Beech heritage led to industry leadership at dawn of business aviation's turbine age

By Al Higdon
Former Beech and Learjet Communications Executive
Cofounder of the Sullivan Higdon & Sink Ad Agency

For 35 years Al Higdon was an observer of and a participant in many of business aviation's biggest moments. Beginning in this issue and in the year ahead he will recount some of his experiences, including people he met and the events he witnessed.

Walter and Olive Ann Beech take pleasure in success at the 1936 Denver Air Race standing next to a Beechcraft Model 17 Staggerwing.

Walter Beech, founder of Beech aircraft, died in 1950, a decade before my arrival there in January 1961. I joined the company fresh with a business degree from the University of Kansas and a journalism degree from Wichita State, as well as a year with a St Louis public relations firm. I was 24 years old and had no aviation experience.

Olive Ann Beech, who 29 years earlier cofounded Beech Aircraft with Walter, had been solely and firmly in command for 10 years. She was the boss. She could be very gracious, but I also watched grown men quake in her presence.

This studio portrait of Olive Ann and Walter Beech was made at the time of their wedding.

No doubt what was her favorite color, from her many blue suits to the blue wallpaper in her office, to the custom blue seats in her personal Super 18. When the miniature "Oh Happy Day" flag was in place above her office doorway signifying something good had happened, you knew things might be a bit more relaxed. Absent this sighting, you entered her office with caution.

Beechcraft in those days under Mrs Beech (I never heard anyone at the company call her Olive Ann) was run in truly a family atmosphere, albeit not without guidelines of those times.

Women could not wear pants, nor smoke at their desks, as most men did. When I joined the firm's public relations department as a member of its press relations section, headed by James R "Jim" Greenwood, Beech was a 7-model company.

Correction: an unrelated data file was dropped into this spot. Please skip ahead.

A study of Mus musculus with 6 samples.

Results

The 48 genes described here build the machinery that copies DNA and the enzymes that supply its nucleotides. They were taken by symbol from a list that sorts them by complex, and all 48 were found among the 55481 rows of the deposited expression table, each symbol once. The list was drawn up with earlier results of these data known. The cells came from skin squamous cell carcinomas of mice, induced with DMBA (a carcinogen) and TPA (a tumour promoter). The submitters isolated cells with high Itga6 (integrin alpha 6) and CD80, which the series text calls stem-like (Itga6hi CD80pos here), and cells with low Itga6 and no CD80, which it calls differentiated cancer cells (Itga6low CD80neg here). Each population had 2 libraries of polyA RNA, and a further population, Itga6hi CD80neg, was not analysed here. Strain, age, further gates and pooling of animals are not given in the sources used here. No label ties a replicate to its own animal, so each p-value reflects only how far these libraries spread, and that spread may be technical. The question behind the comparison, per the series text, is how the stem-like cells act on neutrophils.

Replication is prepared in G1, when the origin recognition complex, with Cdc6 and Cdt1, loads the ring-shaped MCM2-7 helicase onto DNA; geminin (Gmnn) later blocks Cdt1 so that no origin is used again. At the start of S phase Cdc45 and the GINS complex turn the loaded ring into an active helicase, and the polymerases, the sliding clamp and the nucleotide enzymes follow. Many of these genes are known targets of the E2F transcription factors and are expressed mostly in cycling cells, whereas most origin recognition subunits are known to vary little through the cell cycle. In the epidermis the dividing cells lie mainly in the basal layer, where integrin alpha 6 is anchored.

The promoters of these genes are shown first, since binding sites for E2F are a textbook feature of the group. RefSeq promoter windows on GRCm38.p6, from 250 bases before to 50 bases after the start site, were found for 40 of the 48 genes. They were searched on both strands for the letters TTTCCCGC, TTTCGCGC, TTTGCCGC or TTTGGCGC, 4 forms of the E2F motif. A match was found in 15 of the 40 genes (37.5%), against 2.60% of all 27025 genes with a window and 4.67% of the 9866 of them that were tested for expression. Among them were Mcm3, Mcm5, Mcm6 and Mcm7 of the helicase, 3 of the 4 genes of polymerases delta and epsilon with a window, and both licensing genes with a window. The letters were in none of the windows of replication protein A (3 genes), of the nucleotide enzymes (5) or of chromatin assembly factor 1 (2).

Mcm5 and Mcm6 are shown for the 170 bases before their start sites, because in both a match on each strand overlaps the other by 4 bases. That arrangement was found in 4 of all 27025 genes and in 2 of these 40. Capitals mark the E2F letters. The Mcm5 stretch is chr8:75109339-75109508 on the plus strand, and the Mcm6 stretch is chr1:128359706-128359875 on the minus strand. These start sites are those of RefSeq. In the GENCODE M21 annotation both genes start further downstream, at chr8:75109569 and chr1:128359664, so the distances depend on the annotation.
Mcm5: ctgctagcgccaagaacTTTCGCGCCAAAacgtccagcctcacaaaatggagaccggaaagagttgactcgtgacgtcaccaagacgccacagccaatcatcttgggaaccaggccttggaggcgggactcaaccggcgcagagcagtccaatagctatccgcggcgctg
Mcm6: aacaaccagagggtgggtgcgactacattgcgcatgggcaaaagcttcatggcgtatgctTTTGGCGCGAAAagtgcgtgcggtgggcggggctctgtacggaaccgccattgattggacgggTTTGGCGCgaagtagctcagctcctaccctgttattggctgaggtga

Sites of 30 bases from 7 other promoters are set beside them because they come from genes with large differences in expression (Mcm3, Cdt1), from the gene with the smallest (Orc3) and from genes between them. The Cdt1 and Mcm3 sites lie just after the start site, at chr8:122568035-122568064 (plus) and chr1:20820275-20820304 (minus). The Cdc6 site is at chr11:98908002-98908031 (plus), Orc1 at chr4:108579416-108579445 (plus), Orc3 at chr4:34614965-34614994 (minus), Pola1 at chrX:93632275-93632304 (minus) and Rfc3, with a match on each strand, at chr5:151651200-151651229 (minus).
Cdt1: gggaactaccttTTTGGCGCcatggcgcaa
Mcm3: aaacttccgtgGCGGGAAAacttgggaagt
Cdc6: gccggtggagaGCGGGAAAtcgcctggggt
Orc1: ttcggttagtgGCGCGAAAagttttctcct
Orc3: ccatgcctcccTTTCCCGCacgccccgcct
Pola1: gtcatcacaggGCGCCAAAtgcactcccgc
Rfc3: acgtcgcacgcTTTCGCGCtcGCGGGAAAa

They produced the single-engine Debonair, the highly-successful Bonanza, the Travel Air, the very popular Baron, Twin Bonanza and Queen Air, and the venerable tricycle gear Super 18, which had recently superseded the tailwheel Model 18. Those products were preferred by a majority of NBAA member company aviation departments.

Jim Greenwood (L) with Al Higdon. Jim was Al's 1st boss and mentor in the business aviation industry.

Curiously, only 1 of the firm's senior management officials was a pilot, Wyman Henry, who joined Beech from the White Motor Company as vice president of marketing shortly before I arrived.

Henry had learned to fly in his 50s. Most of the other top managers had been with Beech since before World War II: Frank Hedrick was executive vice president and number 2 to Mrs Beech, who was his aunt; Leddy Greever was vice president for domestic sales, Michael Neuberger served as vice president for export sales, James Lew was vice president of engineering, and John Elliott was treasurer.

In this photo taken at Beech Aircraft in 1963 are (L–R) Beech Dir of Public Relations Phil McKnight, Mgr King Air Sales Tom Gillespie, Al Higdon, Astronaut Gordon Cooper and Mgr of Press Relations Jim Greenwood.

Unlike today, where airframe manufacturers all do a good job of soliciting customer input in their new product design processes, Beech allowed the engineering department to come up with new models that were then presented to the sales department to sell to customers.

I believe most of our competitors worked similarly. Obviously that was not the optimum procedure and the practice was rectified in the industry over the next 2 decades, with Cessna leading the way.

My heroes, as a neophyte in the public relations group, were guys 10–15 years my senior. All were veterans of World War II and/or the Korean Conflict, and middle managers in sales functions. Men like Tom Gillespie, a former Marine aviator, who had played football at West Virginia, and Marvin Small, a WW II US Army airman, who had played on the Kansas Orange Bowl team of 1948.

From left to right are Wendell Sullivan, Judy and Al Higdon, and Wendell's wife Ginny. Al and Wendell worked together for 4 years at Beech Aircraft in the early 1960s. In 1971 they cofounded Sullivan Higdon & Sink, an advertising and public relations firm that still exists today.

By the early 1960s, a conservative cultural trend at Beech had already settled in: maintain a comfort level with small bites in product development, such as building from the basic Bonanza wing to the Baron and Queen Air.

With the notable exception of the King Air, which was to become an industry dynamo, this relatively tiny step mentality – rather than embracing the sweeping movement to jets, early on – clearly put Beech in an untenable competitive position later on.

Al Higdon spent 12 years as a public relations executive with Beech and Learjet before cofounding an advertising/pr firm that represented more than a dozen clients in aviation, including Learjet and Cessna, over a 25 year period before his retirement at 60 in 1996.